GM Suspends 2010 Chevy Malibu Hybrid

Malibuhybrid GM has suspended production of the Chevrolet Malibu Hybrid for the 2010 model year, as elevated inventory levels of the 2009 Malibu Hybrid should meet demand for the vehicle through 2010, the company said.

According to GM spokesman Brian Corbett, the suspension of the Malibu Hybrid is temporary and has no implications for future hybrid products from Chevrolet.

The Saturn Aura Hybrid and Vue Hybrid, which use the same “mild” hybrid technology as the Malibu Hybrid, may also cease production. Corbett said there’s an understanding between GM and Penske Automotive Group, which has a deal to buy Saturn, that will provide Penske with 2010 Saturn vehicles, including the Aura, Vue and Outlook. Details about which trim levels will be made, however, have yet to be determined.

Corbett said GM plans to debut a next-generation mild hybrid system in 2011.

The next-generation system will be three times more powerful, have smaller batteries and increase fuel efficiency up to 20% compared with equivalent gas-only models.

Unlike the current mild hybrid system, the next generation will be capable of propelling a vehicle on electric power alone for a short time.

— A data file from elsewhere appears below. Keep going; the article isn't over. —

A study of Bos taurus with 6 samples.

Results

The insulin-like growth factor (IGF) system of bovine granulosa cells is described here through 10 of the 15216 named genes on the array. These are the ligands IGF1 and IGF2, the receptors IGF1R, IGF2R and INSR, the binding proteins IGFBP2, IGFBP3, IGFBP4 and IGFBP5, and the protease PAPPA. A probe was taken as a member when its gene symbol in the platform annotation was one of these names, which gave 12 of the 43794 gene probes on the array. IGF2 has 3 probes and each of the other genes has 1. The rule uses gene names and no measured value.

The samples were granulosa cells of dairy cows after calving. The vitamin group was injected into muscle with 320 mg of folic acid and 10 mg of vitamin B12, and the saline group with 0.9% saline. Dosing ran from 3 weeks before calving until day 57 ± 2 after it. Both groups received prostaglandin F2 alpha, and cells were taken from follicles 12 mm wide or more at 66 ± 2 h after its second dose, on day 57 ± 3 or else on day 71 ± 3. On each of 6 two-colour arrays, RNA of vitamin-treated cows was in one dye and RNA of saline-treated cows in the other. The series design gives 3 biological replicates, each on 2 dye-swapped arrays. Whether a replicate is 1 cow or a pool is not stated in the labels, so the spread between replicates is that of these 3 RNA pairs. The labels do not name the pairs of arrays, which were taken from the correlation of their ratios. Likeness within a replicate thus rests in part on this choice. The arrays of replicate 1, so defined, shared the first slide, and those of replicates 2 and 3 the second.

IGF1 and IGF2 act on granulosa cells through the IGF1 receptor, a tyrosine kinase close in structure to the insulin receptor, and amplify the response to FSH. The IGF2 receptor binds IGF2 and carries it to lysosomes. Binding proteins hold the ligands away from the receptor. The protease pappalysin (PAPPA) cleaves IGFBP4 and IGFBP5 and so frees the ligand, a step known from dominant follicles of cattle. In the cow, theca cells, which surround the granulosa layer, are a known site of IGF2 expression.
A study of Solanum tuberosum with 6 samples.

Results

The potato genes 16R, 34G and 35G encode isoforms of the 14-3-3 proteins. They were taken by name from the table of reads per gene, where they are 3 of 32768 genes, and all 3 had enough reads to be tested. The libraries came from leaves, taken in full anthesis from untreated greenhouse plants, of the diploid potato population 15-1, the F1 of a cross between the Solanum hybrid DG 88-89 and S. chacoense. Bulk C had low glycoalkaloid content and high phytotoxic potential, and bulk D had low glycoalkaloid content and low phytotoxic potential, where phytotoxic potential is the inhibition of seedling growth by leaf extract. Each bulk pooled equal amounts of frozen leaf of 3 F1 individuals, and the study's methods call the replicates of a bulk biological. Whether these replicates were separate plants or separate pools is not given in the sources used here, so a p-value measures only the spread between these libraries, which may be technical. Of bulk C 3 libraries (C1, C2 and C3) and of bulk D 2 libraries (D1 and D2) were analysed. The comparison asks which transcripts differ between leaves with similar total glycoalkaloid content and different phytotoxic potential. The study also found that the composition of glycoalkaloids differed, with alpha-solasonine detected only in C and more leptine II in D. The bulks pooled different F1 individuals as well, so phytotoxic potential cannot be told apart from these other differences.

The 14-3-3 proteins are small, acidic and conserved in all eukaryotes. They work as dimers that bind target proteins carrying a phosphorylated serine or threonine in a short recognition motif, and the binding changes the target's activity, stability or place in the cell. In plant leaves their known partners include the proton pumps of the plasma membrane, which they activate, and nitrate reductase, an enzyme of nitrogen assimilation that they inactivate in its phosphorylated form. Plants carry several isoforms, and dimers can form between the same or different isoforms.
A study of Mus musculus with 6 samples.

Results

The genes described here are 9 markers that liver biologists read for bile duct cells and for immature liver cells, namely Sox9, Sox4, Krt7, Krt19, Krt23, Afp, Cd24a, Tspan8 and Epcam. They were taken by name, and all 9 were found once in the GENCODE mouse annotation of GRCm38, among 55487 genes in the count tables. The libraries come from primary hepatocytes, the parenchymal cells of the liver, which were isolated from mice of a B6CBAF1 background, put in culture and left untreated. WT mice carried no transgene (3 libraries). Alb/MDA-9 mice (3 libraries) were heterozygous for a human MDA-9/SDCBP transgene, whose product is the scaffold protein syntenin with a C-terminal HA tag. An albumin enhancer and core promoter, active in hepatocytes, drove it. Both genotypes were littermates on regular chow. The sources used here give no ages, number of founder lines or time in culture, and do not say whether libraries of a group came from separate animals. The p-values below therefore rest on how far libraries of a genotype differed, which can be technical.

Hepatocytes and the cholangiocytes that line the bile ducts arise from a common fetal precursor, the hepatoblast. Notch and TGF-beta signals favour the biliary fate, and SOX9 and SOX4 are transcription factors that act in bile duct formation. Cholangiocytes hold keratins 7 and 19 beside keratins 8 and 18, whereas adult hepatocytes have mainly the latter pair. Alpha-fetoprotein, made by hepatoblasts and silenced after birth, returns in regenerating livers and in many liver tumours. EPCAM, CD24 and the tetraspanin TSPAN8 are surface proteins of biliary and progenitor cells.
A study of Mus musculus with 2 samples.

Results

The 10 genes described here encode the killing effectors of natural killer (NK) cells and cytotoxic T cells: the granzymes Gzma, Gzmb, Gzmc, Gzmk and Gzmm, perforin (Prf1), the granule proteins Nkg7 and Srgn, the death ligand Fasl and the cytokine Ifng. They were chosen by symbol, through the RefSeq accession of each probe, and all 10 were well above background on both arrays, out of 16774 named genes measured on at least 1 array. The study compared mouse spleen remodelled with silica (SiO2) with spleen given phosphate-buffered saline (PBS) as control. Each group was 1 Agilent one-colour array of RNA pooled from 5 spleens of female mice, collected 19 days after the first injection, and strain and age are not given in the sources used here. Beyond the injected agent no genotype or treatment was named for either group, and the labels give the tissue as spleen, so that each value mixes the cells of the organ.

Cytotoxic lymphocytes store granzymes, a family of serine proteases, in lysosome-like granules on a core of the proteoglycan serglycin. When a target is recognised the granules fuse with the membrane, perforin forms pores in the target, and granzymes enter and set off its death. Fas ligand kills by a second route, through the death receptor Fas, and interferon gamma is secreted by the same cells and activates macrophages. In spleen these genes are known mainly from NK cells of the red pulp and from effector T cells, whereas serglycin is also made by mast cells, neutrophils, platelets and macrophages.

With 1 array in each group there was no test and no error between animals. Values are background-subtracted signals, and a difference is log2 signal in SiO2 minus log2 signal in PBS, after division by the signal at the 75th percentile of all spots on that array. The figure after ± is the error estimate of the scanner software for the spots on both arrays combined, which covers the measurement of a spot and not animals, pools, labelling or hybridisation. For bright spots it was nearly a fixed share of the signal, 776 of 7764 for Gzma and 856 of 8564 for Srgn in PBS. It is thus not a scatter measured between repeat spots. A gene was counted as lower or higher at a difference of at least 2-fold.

GM has publicly stated its intent to sell 14 hybrid and electric vehicle models in the U.S. by 2012. Corbett says that commitment hasn’t changed.

So far, GM has sold 6,895 hybrids in 2009, compared with 15,309 hybrid sales for Toyota in May alone.

Comments 

bill

Who cares?

Paul

Scary stuff for GM or anyone else thinking hybrids are the wave of the future.I fear the electrics coming from GM will fail as bad.The electrics (ENVI) from Chrysler will be using regular production based models and not special models (like Volt)to house the electrics,I think those may have a better chance.

hillgoat

3 times powerful? that may worth to wati.

Juan Carlos

there weren't that many made and the gas savings were horrible. people weren't paying an extra 2k to save 2mpg and wait like a decade to break even. that is why it failed.